Answer: The English word "firstfruit" appears only once in the King James translation's Old Testament. It comes from the Hebrew word reshiyth (Strong's Concordance #H7225) used to designate the first fruits of the harvest.
The firstfruit also of thy corn, of thy wine, and of thine oil, and the first of the fleece of thy sheep, shalt thou give him (Deuteronomy 18:4).
The plural word "firstfruits," however, is found twenty-five times in the Old Testament. It is derived from the Hebrew reshiyth (mentioned above) or from the word bikkur (Strong's #H1061).
The underlying principle of firstfruits was that, individually, Israelites were to offer God the first of what they harvested in gratitude of his abundant blessings. These offerings made first at the wilderness tabernacle and then at the temple, were then distributed to the Levitical priests.
The tribe of Levi was given the firstfruits of the harvest (as well as tithes, other offerings, etc.) in support of their dedicated service to God and as an inheritance from Him. They, unlike the other Israelite tribes, were not allocated area in the Promised Land they could individually own and cultivate (Numbers 18:24, Joshua 14:3 - 4, 18:7, etc.).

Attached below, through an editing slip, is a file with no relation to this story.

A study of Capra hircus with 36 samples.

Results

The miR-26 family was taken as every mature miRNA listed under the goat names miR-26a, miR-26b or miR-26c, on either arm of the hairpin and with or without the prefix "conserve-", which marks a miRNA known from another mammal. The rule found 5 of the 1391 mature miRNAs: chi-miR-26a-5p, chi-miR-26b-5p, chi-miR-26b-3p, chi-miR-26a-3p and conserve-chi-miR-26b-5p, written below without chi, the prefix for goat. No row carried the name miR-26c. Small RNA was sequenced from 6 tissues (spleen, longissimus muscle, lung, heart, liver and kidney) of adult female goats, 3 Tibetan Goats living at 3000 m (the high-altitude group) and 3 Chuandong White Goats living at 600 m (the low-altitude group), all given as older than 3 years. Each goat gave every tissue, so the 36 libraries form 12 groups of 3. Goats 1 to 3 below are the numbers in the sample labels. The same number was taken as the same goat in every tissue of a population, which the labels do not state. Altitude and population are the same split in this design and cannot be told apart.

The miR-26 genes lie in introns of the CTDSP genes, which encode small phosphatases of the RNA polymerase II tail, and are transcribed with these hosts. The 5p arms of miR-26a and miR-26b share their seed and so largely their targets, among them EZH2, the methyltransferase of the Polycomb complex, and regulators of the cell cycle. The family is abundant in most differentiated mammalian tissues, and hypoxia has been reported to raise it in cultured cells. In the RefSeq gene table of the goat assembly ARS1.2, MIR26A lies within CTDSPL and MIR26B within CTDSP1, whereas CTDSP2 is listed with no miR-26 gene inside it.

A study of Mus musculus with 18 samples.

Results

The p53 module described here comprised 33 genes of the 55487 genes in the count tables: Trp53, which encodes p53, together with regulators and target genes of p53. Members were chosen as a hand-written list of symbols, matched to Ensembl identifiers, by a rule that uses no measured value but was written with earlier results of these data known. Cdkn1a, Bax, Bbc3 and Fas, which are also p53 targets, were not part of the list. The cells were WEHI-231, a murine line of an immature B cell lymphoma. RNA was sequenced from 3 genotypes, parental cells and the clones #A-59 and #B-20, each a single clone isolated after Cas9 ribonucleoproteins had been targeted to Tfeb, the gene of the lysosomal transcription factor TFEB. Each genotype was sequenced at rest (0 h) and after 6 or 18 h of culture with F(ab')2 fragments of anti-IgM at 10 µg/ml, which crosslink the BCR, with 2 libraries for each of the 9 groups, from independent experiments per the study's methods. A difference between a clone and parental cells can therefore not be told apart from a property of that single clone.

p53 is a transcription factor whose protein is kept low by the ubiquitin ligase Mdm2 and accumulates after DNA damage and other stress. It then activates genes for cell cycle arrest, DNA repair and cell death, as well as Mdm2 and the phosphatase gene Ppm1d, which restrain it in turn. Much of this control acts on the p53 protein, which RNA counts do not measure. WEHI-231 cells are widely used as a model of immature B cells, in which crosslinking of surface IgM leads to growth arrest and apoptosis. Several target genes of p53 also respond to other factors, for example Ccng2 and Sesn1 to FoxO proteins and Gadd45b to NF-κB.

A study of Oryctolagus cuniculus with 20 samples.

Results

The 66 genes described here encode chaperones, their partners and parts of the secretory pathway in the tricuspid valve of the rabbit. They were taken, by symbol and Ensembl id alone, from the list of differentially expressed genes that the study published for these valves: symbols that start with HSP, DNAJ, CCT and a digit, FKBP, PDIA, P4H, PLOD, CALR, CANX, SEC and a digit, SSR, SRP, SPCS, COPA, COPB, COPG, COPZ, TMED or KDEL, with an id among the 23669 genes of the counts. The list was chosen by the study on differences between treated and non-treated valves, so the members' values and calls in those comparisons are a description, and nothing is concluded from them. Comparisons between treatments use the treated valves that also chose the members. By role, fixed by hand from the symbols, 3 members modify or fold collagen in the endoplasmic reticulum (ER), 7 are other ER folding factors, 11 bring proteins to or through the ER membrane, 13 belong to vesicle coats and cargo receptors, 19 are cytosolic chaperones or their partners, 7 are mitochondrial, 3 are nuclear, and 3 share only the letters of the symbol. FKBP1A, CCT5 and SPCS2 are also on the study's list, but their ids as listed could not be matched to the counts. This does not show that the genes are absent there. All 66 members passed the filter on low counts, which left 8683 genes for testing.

The phrase "first of the firstfruits" appears only in Exodus 23:19, 34:26 and Ezekiel 44:30. Its use underscores the principle that offerings to God during the three annual Feast day periods (Passover, Pentecost and Tabernacles) were to be the first and choicest of the harvest.
New Testament meaning
In the KJV New Testament, the Greek word aparche (Strong's G536) is translated both as "firstfruit" and its plural in Romans 8:23, 11:16, 16:5, 1Corinthians 15:20, 23, 16:15, James 1:18 and Revelation 14:4.
Of his own will begat he us with the word of truth, that we should be a kind of firstfruits of his creatures (James 1:18).
The term "firstfruits" was used to refer to those who first became Christians in a particular geographic area (Romans 16:5, 1Corinthians 16:15). The Apostle Paul also used the term to denote that Jesus was the first of many other faithful servants God will bring back to life from the dead (1Corinthians 15:20, 23).
Paul labels the select few or remnant of Israel, called to be Christians, as the firstfruits of countless other brethren who will also, someday, be called and converted (Romans 11:16). The firstfruits of the spirit (Romans 8:23) and of all creatures (James 1:18) are the relatively few, before the return of Christ, who are called to be believers. This, of course, implies that many other people will be converted but at a later time.